The role of ceramics in matters sublime -Pakistan Press Foundation (PPF)

Paksitan Press Foundtion

The role of ceramics in matters sublime

Karachi: Even the smallest, otherwise most insignificant of items can become our link with things most sublime and representative of an individual’s place within the cosmos and the universe, his correlation with creation.

This is amply reflected in the ceramics show at Chaukandi Art showcasing the works of emerging ceramists from Lahore, put together by Lahore-based artist of national repute, Sheherezade Alam, and comprising works by Asheena Jiwanmall, Habiba Omar, Kamran Maqsood, Bushra Fawad, Mahira Rana, and Sikandar Asghar.

A highly imposing work is the five Hamsa Hands, studded with bright red, turquoise, and other multi-coloured beeds, by Mahira Rana. The Hamsa Hand symbolises the hand of Hazrat Bibi Fatima (RA), daughter of Holy Prophet Muhammad (PBUH). It denotes the five pillars of Islam and is a sign of protection. It brings the owner happiness, luck, health, and good fortune, as Mahira Rana’s note on the work says.

As Rana, from the National College of Art (NCA), a teacher trainer in art education, says in her artist’s statement, “My work reflects my thoughts and beliefs. It is a celebration of oneness with God. If we realise that this idea of oneness can resolve the majority of issues in our society, we could spread light, love, unity, and peace in our society.”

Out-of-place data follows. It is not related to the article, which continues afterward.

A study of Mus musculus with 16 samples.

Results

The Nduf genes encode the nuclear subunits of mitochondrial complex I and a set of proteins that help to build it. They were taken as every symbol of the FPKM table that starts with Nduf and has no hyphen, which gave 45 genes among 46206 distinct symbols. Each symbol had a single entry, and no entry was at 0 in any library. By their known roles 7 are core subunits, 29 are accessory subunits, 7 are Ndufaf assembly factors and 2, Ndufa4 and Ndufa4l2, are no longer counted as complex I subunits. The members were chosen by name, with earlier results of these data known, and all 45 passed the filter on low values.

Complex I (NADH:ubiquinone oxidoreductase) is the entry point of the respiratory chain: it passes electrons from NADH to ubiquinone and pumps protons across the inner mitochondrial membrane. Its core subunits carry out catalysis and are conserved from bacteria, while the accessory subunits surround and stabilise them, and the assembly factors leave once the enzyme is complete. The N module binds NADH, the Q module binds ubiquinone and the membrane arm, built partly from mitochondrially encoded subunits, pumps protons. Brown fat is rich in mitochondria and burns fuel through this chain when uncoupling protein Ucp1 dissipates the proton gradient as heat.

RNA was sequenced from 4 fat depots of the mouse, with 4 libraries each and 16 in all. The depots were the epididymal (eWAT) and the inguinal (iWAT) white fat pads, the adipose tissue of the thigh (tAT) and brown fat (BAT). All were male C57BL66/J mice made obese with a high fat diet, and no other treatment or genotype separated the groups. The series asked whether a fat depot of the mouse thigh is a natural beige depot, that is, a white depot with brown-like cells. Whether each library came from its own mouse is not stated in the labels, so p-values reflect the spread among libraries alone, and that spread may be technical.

Then there is the series of works based on the peacock, a bird that is supposed to signify the beauty of nature and royalty, by Asheena Jiwanmall, an art teacher at the Lahore Grammar School (LGS). Her images of peacocks, in terracota and mixed media, are highly imposing indeed.

“The peacock is a symbol of integrity and the beauty we can achieve when we endeavour to show our true colours. In history, myth, and legend, the peacock symbolizes immortality, nobility, holiness, guidance, protection, and spirituality,” says Jiwanmall.

Then there’s the series of geometric designs in glazed ceramics by Sikandar Asghar, which at first strike one for the apparent simplicity of design but on further contemplation, one detects the beauty of these designs. The exhibition, which was inaugurated on Wednesday, runs up until January 16.